Circuit Won’t Reopen Intercepted Email Case

     (CN) – The 4th Circuit declined to reopen the case of a former colonel in the North Carolina Army National Guard, who accused his colleagues of intercepting, reading and forwarding his emails while he was deployed in Iraq.




     The federal appeals court in Richmond, Va., held that Col. Frederick Aikens failed to establish the “extraordinary circumstances” needed for his case to be reopened.
     Aikens had sued his former colleagues, Adjutant Gen. William Ingram and Lt. Col. Peter von Jess, after he was investigated for a “hostile command climate and inappropriate relations with women.”
     He said the investigations were based on illegally intercepted emails, and they effectively forced him to resign.
Ingram had allegedly ordered two subordinate officers to monitor Aikens’ emails after Aikens gave von Jess a negative evaluation report.
     Ingram, who had picked von Jess to replace Aikens as executive officer after Aikens was promoted to colonel, invalidated the report. Aikens then filed a complaint for undue command influence.
     When Aikens learned that his emails were being used in the investigations, he sued in federal court. The case was dismissed, however, because he didn’t go through the proper military channels first.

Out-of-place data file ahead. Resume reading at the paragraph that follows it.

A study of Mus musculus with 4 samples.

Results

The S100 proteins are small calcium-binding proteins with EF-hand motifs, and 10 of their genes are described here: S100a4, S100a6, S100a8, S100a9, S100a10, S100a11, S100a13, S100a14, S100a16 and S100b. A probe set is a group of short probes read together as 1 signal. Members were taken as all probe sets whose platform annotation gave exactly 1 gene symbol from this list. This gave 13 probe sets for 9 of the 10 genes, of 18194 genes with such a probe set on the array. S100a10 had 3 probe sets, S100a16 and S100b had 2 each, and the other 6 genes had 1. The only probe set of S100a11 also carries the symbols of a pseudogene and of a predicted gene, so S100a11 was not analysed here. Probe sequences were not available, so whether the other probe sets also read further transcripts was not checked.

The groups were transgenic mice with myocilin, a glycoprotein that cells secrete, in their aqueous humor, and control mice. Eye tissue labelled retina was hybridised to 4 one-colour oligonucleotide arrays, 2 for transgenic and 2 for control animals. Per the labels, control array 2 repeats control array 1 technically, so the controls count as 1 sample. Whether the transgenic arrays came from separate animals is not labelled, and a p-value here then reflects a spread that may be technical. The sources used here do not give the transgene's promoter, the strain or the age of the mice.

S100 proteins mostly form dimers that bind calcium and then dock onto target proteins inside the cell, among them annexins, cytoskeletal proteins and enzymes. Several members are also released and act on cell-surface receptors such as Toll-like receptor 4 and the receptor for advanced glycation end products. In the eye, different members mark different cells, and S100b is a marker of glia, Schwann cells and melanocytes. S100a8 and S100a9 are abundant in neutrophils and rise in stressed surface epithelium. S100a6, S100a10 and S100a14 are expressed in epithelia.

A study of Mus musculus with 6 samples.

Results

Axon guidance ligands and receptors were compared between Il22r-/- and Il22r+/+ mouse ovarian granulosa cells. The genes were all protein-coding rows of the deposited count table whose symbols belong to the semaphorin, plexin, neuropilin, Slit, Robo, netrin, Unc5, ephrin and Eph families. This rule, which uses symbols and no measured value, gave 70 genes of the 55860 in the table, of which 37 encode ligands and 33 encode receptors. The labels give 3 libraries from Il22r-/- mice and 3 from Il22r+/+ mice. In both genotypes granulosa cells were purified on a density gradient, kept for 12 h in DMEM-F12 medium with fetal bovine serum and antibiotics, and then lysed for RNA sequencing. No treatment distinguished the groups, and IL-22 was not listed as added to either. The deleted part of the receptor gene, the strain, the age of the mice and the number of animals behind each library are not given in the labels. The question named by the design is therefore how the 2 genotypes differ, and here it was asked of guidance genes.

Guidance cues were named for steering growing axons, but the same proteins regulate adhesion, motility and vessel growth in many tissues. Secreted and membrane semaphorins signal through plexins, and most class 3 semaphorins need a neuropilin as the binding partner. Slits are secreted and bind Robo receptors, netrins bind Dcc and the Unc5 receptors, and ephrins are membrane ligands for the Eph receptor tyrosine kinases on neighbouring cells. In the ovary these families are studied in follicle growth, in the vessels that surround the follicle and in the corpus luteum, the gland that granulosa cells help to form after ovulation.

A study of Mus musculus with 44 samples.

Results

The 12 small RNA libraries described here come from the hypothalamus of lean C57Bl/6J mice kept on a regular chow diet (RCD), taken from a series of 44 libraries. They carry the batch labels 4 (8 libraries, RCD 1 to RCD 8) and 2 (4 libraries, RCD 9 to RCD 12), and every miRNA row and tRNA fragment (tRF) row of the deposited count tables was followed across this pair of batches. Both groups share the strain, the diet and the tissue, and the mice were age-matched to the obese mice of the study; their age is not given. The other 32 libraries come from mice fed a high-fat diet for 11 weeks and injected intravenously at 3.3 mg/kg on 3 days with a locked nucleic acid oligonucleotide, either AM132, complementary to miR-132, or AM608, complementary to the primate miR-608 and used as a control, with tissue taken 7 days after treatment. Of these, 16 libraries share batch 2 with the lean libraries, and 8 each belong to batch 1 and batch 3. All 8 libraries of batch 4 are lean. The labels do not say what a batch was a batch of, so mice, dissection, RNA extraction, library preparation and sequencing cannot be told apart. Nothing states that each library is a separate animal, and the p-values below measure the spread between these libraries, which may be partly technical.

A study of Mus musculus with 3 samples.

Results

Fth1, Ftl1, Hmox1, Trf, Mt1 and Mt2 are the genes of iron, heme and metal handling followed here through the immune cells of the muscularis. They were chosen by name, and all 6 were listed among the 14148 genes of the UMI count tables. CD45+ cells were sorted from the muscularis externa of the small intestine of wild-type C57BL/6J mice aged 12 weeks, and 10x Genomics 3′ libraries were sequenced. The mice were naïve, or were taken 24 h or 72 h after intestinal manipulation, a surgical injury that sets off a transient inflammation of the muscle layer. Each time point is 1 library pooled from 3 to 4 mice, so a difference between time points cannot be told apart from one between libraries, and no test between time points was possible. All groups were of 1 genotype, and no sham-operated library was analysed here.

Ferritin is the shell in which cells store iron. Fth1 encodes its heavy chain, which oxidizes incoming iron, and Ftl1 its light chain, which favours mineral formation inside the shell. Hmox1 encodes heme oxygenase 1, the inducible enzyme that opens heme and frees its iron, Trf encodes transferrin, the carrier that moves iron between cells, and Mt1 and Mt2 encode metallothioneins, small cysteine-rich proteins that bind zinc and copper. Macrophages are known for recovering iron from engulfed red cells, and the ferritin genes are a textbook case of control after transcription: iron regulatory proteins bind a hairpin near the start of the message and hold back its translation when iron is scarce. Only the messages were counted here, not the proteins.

He then filed his claim with the Army Board for Correction of Military Records, which told him that “the remedy you seek is not within the purview” of the board.
Rather than file a new lawsuit, Aikens wanted his original claim reopened.
     U.S. District Judge James Dever III denied his motion, saying the retired colonel failed to present the “extraordinary circumstances” needed to reopen his case.
     The 4th Circuit upheld the ruling, rejecting the claim that Judge Dever had abused his discretion.
     “In short, Aikens’ posited predicament was as much the result of his management of the action as the result of the district court’s allegedly erroneous judgment of dismissal,” Judge Paul Niemeyer wrote.
     Judge Robert King dissented, saying Aikens’ claims would have been timely had Dever not erred in dismissing the original lawsuit.
     “This predicament was the direct result of the court’s mistake, not any misjudgment by Aikens or his lawyer,” King wrote.